In the UK, we have seen the emergence of the term BAME as a collective term used to describe non-White people is “Ethnic Minorities”. Economists and politicians often use the term BAME which stands for Black, Asian and Minority Ethnic to include Black (African or Caribbean background), Asian (Indian, Pakistani, Bangladeshi, Chinese and all other Asian backgrounds), Arabs and Mixed Race people.
But what does it really mean, and what is it used for?
To better understand what it is, let’s start with what it’s not.
Firstly, you’d be hard-pressed to find the term BAME used in the data and vocabulary presented by the Office for National Statistics – the UK’s largest independent producer of official statistics and the government’s officially recognised national statistical institute, and the people who conduct the census in England and Wales every 10 years.
In other words, when the government collects information about the economy, population and society at either the national, regional and local level, the government does not use the term BAME. It is not an official categorisation of ethnicity in the UK. Put another way, the next census in England and Wales will be in 2021, and there won’t be a box labelled BAME to tick.
Additionally, the mere fact that official data is collected, recorded, analysed and reported at the ethnicity level implies there are sufficient inherent differences between the groups that need to be acknowledged – otherwise, wouldn’t that be a waste of taxpayer funds.
Secondly, just about every dictionary considers BAME to be an abbreviation (not a word) used to refer to members of “non-White communities” in the UK. Emphasis on ‘abbreviation’ which is a shortened form of a word or phrase (not its meaning). So, although BAME stands for Black, Asian and Minority Ethnic, it does not mean Black, Asian and any other minority ethnic group. Nor is it a word to replace or stand-in for Black, Asian or any other ethnic group.
BAME is an abbreviation for Black, Asian and Minority Ethnic which should mean “non-White” or perhaps “not a member of the White community in the UK” or even “non-White people in the UK”.
Why is the term not really helpful?
Although originally intended to refer to groups of people as a means of measuring diversity, it has since become a way of referring to individuals within the groups i.e. describing someone as “a BAME person” instead of as “a Black person”.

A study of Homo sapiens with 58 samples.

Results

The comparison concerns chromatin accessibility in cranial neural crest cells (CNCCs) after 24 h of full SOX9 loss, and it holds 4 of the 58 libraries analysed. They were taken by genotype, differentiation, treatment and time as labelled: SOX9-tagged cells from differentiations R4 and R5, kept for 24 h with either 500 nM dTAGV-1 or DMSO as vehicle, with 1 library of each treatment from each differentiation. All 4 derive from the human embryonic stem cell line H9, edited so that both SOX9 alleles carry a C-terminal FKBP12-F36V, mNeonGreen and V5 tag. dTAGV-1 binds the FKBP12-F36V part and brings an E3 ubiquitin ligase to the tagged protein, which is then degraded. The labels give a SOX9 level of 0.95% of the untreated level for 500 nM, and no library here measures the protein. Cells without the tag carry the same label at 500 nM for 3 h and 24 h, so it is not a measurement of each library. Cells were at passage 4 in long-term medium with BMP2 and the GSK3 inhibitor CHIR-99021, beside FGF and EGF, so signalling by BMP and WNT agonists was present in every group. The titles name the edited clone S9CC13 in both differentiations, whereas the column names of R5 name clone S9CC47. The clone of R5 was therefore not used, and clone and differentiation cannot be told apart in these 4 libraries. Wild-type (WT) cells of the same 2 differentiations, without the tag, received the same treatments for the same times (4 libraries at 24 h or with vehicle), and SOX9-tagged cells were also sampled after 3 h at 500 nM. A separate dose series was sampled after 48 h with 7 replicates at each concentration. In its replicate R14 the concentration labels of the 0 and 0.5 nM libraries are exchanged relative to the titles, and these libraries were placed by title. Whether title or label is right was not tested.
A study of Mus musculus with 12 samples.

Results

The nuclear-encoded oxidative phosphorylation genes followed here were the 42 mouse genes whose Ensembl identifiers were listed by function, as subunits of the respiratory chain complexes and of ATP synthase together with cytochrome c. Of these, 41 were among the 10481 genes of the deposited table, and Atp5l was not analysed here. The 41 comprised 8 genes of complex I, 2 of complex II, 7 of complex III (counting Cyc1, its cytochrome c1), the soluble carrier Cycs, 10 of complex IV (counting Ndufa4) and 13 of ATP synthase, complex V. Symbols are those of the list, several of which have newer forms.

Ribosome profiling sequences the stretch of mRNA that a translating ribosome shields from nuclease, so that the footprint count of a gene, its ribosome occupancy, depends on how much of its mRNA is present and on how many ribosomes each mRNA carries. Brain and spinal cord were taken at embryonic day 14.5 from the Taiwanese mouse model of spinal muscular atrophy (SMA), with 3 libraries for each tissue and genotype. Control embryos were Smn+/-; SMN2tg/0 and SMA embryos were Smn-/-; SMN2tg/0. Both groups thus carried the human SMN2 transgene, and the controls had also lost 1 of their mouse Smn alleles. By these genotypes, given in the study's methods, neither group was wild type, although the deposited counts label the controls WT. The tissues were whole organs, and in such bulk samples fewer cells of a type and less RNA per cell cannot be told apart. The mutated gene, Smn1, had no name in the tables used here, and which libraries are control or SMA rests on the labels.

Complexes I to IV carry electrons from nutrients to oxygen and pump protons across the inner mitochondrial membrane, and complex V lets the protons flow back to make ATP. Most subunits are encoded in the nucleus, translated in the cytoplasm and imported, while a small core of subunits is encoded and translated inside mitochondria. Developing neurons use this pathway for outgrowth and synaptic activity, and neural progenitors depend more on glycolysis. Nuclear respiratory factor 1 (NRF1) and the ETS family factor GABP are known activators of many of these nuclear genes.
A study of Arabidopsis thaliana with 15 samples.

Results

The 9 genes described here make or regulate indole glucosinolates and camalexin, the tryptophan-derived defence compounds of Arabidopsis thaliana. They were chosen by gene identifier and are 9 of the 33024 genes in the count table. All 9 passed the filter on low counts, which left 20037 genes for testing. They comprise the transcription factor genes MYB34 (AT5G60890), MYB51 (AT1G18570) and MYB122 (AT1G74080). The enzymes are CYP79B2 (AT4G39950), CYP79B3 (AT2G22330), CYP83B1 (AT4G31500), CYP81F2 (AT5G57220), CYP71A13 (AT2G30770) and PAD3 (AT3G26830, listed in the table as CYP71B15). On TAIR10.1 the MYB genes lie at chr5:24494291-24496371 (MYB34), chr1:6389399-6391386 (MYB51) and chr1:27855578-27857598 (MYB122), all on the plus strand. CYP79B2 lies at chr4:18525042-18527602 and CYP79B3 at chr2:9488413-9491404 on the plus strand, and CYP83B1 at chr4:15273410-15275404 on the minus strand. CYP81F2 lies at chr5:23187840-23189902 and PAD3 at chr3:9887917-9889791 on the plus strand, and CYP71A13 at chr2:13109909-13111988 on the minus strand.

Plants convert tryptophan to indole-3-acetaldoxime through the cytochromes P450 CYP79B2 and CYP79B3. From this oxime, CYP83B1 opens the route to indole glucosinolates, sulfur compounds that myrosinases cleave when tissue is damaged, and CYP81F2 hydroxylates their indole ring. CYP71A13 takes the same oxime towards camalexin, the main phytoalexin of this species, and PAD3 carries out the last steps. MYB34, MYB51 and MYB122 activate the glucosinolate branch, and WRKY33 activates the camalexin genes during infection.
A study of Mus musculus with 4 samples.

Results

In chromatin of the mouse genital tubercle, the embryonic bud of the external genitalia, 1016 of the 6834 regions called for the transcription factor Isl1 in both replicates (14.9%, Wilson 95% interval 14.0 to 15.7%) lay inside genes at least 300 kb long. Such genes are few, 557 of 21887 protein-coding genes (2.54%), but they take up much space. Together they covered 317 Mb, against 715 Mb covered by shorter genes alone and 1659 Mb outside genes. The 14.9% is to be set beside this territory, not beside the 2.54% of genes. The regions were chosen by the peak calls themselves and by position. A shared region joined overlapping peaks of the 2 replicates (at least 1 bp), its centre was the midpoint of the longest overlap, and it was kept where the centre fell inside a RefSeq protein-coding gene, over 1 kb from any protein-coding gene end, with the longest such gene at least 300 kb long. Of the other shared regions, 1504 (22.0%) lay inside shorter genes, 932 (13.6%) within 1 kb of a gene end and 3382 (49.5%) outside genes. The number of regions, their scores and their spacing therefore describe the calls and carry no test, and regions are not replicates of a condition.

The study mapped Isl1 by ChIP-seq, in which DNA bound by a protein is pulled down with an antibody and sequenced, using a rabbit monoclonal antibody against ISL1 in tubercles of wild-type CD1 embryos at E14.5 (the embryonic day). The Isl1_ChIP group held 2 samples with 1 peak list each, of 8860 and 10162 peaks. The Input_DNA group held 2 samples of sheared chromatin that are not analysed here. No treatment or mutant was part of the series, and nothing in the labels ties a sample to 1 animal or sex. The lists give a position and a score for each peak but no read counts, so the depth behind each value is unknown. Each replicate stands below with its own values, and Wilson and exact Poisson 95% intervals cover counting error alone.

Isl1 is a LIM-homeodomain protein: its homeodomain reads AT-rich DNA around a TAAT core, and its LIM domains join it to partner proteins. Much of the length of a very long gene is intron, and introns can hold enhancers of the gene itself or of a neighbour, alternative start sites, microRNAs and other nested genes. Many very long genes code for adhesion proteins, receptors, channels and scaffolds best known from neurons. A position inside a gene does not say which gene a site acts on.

Intentionally or otherwise, having this single category for all other racial, ethnic and cultural groups encourages treating everyone who is not ‘White’ as a single, homogeneous group. It reinforces the notion of ‘White’ as the norm or default, inherently stripping away the individual identities of anyone not classed as White, and presenting them as ‘Other’.
Furthermore, Black, Asian and Minority Ethnic are not equivalent terms, and the BAME term conflates physical characteristics with geographic identity. “Asian” describes people with heritage from a particular part of the world, whereas “Black” refers solely to skin colour. It encompasses people from a huge number of different cultures and nationalities across the globe, each with its own specific regional and cultural identities.
This leads us to usage.
Yes, we do have to acknowledge that, for whatever reason, there are times when people want to make a distinction between “Whites” and “non-White”. At times like these, especially in the media, the term BAME comes across as concise and, to some extent, it makes (White) people more comfortable. And maybe that’s appropriate if the purpose is to distinguish between “Whites” and “non-Whites”.
However, if the intention is to focus on the “non-White” group or their features or characteristics, then the term BAME loses its sense of purpose because it’s an umbrella label for a collection of ethnic groups that are far from homogeneous. One that completely ignores the nuances and intricacies of every single ethnic group that it’s supposed to represent.
By way of analogy, consider that some films are suitable for adults only. This does not mean that consider all films that fall outside this category to be suitable for all children. Why? Because we recognise the broad categorisation of ‘children’ does not take into account the diverse nature of the group. So what do we do? We sub-categorise into age groups – from babies and toddlers all the way to teenagers, and then we make age-appropriate films for each age group.
The same should apply to the use of the term BAME. When speaking about diversity, inclusion and equity, we need to acknowledge that, in the UK, the ‘non-White’ groups have different histories, different experiences, and different outcomes.
In order to properly identify and address the needs of each of these diverse groups, we must begin to treat them as separate and distinct. Because until we stop assigning a single collective identity to the vast range of racial, cultural and ethnic groups currently living in the UK, we will continue to assume that all of these groups share broadly similar experiences, challenges and barriers to representation.
So, dear Matt Hancock, Secretary of State for Health and Social Care, when anyone asks “How many Black people are in the current cabinet” they definitely don’t mean “How many BAME people are in the current cabinet”. Having three MPs of Indian (Asian) origin in the cabinet does not automatically equate to a demographic representation of the ethnic minority groups in the UK population.
It is time we stop hiding behind the term BAME, using it as an insidious way to disguise racial inequalities or to promote one-size-fits-all initiatives or to tick the racial diversity box.